Springtime means education politics are heating up
It’s rare that you get a March day in Edmonton when the temperature hits 20 degrees. But such was the case last Saturday when hundreds of teachers met for the Association’s annual political engagement seminar. Pursuading delegates to leave the sunny downtown patio overlooking the river valley in favour of the hotel ballroom was challenging but not impossible. After all, for political geeks, the program was captivating.
The premiere morning event was an all-party forum on public education, which was followed by an all-star panel of political commentators, including political science professor Duane Bratt, pollster Janet Brown and Edmonton Journal columnist Paula Simons.
The all-party panel featured Alberta Liberal Party interim leader David Swann, Alberta New Democratic Party education critic Deron Bilous and Wild-
rose Party candidate Sharon Smith. The Progressive Conservative party declined to send a representative to the event, which was livestreamed online and promoted heavily to teachers. (You can view the archive footage by visiting the ATA website atwww.teachers.ab.caa.)
Should teachers be concerned that the governing party would choose to ignore such an important opportunity to connect with teachers and discuss issues in public education? Brown and Simons suggested not. Brown told delegates that the first sign of an imminent election is that the PCs start avoiding political forums. Simons tweeted that she understands why the PCs avoid forums like this one: “little strategic upside for them. Still …”
Nobody is really expecting a terribly competitive provincial election this spring. Expect the PCs to take a cautious and measured approach to their campaign: avoid embarrassment, don’t get trapped on contentious issues and focus on the leader. A two-hour political forum where the opposition parties have the opportunity to land a number of body shots against a less-experienced minister doesn’t fit with that strategy. In this case, anger over worsening classroom conditions and recent talk of unsustainable salaries from the premier could have made for a problematic audience.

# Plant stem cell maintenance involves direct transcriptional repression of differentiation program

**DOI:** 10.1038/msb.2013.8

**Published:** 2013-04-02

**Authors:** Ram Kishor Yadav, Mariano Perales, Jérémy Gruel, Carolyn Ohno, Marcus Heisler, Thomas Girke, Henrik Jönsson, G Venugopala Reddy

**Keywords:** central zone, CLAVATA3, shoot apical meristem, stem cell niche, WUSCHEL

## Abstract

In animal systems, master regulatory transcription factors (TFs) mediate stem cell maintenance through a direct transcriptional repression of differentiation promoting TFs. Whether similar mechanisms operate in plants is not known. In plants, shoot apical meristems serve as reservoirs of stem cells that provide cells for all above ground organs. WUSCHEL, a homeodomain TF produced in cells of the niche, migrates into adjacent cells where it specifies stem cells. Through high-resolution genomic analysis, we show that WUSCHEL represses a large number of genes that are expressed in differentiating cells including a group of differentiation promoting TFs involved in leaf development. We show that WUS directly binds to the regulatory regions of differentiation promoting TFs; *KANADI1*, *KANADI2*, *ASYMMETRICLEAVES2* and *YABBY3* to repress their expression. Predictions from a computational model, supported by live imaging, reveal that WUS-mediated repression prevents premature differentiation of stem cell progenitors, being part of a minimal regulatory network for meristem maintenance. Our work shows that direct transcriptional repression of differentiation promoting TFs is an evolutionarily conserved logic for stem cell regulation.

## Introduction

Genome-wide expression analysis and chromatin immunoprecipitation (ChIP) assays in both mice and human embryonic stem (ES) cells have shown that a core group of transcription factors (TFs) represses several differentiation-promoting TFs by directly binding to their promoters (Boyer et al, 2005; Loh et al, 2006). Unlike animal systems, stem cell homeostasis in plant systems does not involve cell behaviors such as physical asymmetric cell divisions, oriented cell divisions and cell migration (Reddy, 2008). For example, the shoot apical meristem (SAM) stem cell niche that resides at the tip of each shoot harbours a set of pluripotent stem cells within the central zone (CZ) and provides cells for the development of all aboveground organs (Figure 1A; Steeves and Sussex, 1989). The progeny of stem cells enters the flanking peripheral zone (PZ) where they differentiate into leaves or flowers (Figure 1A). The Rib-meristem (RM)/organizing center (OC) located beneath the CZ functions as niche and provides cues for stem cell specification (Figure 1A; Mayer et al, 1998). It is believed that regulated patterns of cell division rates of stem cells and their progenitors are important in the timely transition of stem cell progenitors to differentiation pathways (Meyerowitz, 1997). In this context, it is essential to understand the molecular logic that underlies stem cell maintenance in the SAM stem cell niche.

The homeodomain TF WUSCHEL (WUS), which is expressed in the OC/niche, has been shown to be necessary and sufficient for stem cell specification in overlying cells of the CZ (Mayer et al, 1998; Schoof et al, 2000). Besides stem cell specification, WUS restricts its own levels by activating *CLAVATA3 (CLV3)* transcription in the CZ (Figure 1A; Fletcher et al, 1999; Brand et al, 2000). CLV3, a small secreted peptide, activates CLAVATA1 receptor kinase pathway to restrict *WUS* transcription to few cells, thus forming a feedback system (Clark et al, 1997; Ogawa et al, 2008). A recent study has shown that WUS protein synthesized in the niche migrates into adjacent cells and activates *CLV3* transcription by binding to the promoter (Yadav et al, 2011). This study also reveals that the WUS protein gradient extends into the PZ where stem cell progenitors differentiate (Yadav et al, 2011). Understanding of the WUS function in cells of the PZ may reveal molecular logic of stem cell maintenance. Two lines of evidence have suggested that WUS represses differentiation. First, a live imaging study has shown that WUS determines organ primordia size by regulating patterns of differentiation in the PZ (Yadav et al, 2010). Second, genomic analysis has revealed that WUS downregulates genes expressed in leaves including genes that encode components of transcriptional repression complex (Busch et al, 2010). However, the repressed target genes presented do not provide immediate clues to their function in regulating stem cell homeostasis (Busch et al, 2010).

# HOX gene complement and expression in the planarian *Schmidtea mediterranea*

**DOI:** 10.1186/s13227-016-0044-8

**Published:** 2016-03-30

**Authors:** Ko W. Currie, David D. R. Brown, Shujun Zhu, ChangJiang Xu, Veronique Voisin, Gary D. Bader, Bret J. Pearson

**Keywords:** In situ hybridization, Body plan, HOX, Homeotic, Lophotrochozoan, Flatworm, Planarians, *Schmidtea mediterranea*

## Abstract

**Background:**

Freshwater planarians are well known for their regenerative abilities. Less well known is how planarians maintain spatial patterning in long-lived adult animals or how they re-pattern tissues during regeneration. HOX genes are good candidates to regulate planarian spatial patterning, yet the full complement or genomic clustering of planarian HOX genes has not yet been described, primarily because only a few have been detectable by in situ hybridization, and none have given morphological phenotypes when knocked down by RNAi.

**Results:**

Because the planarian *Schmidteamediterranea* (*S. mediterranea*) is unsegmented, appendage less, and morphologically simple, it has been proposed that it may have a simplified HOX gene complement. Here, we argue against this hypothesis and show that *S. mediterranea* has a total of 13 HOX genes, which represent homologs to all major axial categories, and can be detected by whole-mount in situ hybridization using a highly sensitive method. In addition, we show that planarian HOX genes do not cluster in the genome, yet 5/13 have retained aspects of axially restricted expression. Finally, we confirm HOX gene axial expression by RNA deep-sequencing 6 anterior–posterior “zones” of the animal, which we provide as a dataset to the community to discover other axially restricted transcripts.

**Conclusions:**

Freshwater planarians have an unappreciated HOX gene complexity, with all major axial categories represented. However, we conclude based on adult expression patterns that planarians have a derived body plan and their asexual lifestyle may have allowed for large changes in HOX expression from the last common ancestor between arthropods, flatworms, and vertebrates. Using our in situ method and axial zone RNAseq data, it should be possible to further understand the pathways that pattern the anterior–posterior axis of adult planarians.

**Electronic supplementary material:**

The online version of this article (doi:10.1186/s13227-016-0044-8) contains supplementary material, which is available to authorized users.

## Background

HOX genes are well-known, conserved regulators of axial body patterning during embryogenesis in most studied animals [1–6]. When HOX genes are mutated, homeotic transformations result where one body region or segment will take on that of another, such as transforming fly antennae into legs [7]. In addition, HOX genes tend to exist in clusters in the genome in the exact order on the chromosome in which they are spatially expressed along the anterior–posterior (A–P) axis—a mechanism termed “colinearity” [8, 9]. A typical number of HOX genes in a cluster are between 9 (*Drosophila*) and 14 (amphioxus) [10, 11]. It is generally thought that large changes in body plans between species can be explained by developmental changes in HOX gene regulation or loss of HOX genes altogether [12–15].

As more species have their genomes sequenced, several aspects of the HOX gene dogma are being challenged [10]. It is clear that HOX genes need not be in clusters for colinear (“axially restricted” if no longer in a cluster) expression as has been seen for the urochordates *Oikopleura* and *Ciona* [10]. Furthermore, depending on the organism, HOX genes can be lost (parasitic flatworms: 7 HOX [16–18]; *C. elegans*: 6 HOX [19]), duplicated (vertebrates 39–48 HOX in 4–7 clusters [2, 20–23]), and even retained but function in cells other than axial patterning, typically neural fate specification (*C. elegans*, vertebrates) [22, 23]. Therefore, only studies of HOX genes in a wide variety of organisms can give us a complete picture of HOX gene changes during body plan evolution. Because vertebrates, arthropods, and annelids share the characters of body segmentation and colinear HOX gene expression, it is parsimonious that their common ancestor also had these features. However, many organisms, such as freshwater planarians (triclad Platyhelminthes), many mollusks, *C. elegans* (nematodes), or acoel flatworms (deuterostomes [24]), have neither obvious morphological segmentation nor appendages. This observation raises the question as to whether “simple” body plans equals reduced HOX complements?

But, still …
It is fundamentally important, in spite of this political environment, that teachers engage in this provincial election.
Bratt suggested at the forum that turnout for this election could be the worst that Alberta has ever seen. While a competitive election drew 54 per cent of eligible voters to polls in 2012, that number was a blip in a 15-year trend of declining turnout that bottomed out at 40 per cent in 2008. Bratt estimated that turnout this year would likely dip below 40 per cent and could get close to 30.
This is a significant and troubling problem for democracy in Alberta, but it is also an opportunity. As voting turnout declines, each individual vote increases in relative value. Our ability to get teachers engaged in the election and out to the polls will help ensure that the interests of teachers and public education are well represented in the next legislature.
Engaging parents and other supporters of public education is also important, as our public opinion polling shows that those with a connection to education — parents, family of teachers, other school employees — are likely to feel the same way as teachers in a wide variety of policy areas.
Even if the outcome of the election or your local race seems predetermined, that doesn’t mean that the activity of teachers and their supporters will not have an effect. The more engaged, active and vocal we are during the campaign period, the more education will stick as an issue that matters in the minds of the winning candidates.
The Association takes a non-partisan approach that’s designed to position education as an important issue and the interests of teachers favourably in the minds of candidates. Ideally, candidates should feel that they won, in part, because they were seen to be helpful to the cause of education and supportive of teachers.
This is important because it means that, as the new legislature is assembled, the governing party will want to ensure it lands on the right side of educational decisions going forward and opposition parties will hold up education as an important issue to hold the government to account.
The Association and its locals will be engaging in a number of activities designed to engage teachers and promote public education in the upcoming election. You will be asked to help. We hope you will join us. The future of public education and your own well-being depend on it. ❚
I welcome your comments — contact me at email@example.com.